Why Selma is better than MontgomeryPublished 8:37pm Wednesday, November 28, 2012
I think everyone has heard that shopping local is better but I have never met so many people dedicated to a local lifestyle until I moved to Selma. So many Selmians encourage shopping at local grocery stores and going to the movies here at the Selma Walton Theater. My column two weeks ago was about how doing a civic duty here in Selma just requires you to shop at local boutiques for clothes and gifts, go to the movies and go and grab some ice cream and treats. It seems way too fun to be true.
But this Christmas I have realized that I can buy all of my gifts for family members here in town without ever having to leave.
I saw a blog about small business that said, “Going local does not mean walling off the outside world. It means nurturing locally owned businesses which use local resources sustainably, employ local workers at decent wages and serve primarily local consumers. It means becoming more self-sufficient and less dependant on imports. Control moves from the boardrooms of distant corporations and back into the community where it belongs,” Michael H. Shuman, author of “Going Local.”
When deciding to not travel to Montgomery you are doing so many things. I totally understand the lure of Target and specialty stores like Williams Sonoma at the mall, but when we spend dollars locally we are putting money into local departments like the Dallas County School System, we fund our police and fire officers and we put money into funds that widen and repave our roads.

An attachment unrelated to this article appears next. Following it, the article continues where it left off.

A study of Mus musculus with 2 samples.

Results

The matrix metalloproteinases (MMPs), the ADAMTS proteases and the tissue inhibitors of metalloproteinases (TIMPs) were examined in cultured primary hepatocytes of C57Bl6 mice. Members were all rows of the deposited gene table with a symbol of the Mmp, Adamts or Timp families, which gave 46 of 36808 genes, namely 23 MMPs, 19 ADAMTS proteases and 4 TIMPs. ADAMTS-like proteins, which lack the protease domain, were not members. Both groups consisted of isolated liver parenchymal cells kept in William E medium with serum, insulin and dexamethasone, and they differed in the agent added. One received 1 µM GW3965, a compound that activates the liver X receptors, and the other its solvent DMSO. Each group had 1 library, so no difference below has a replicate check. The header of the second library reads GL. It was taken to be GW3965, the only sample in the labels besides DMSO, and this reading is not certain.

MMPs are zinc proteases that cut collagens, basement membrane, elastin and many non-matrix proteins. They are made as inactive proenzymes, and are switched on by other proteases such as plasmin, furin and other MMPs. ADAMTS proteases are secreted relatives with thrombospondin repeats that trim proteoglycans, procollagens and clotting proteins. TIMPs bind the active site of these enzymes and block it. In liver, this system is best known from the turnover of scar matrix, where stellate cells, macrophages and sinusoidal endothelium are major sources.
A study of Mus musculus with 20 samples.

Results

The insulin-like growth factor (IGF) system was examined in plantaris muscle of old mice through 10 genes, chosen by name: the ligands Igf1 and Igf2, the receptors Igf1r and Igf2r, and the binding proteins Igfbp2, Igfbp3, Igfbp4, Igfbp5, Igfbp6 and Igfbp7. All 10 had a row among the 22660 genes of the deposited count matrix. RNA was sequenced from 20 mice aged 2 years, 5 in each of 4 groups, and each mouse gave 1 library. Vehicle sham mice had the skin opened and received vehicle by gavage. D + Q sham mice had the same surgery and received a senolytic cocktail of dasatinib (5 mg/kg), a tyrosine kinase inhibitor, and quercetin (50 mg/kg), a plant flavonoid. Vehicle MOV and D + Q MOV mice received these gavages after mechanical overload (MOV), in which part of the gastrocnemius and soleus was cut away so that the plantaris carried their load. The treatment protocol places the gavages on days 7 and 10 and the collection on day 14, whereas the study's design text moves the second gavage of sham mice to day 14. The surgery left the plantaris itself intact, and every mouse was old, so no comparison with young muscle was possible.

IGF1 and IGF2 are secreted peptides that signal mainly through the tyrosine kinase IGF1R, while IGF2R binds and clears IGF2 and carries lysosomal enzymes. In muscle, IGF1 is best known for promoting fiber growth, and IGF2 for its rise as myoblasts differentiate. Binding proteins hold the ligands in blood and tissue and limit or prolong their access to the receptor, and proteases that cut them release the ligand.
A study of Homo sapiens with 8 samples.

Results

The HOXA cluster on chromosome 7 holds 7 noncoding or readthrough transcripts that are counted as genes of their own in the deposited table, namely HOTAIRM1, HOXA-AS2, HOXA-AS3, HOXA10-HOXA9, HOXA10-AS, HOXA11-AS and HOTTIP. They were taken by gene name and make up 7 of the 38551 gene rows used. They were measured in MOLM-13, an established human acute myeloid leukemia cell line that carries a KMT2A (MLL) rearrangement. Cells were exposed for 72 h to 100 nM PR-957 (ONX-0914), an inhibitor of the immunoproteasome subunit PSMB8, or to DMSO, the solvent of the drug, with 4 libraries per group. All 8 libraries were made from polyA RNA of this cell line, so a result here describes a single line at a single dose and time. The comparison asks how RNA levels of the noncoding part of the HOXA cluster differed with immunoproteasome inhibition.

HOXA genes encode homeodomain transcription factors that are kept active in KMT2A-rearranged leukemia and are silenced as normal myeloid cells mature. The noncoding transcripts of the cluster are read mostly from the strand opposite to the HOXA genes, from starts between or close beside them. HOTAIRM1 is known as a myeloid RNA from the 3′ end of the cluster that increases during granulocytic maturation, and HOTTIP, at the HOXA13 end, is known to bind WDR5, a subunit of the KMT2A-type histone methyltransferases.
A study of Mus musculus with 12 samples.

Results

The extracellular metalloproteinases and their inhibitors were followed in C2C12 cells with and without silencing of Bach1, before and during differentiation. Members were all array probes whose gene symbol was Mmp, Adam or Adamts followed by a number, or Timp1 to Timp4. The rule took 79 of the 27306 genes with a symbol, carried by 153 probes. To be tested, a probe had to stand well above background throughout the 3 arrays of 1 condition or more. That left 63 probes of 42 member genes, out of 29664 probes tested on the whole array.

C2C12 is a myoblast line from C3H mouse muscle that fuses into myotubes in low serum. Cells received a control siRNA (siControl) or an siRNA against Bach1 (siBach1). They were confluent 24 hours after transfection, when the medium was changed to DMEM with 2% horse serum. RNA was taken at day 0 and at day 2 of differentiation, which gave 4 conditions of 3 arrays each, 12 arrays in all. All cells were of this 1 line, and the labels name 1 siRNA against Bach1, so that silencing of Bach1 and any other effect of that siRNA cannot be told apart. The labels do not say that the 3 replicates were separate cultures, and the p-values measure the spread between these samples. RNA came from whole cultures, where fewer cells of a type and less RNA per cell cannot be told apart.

When you chose to buy a sweater at Allez-Oup on Broad Street instead of going to T.J.Maxx in Montgomery you are also putting a social investment in Selma, providing more in the bucket for local donations and community growth.
When you leave Selma and choose to shop at Barnes & Noble in Montgomery instead of One Way Christian Bookstore you are spending more money on gas and pumping more pollutants into the air.
For every $100 spent in the city, $73 of those dollars stay in the local economy and build up the city. For every $100 spent outside of the city in places like Montgomery and Birmingham, only $43 will stay in the local economy while $57 will leave and go elsewhere.
Director of the Chamber of Commerce Sheryl Smedley told me that she has found a way for the last several years to buy each Christmas present on her list here in Selma without ever having to leave.
I am nervous about shopping locally for Christmas for everyone on my list, and just shopping in general.
As a young college graduate it will be tough to buy my family members something nice but after window-shopping down Broad Street I am confident there is something for everyone here.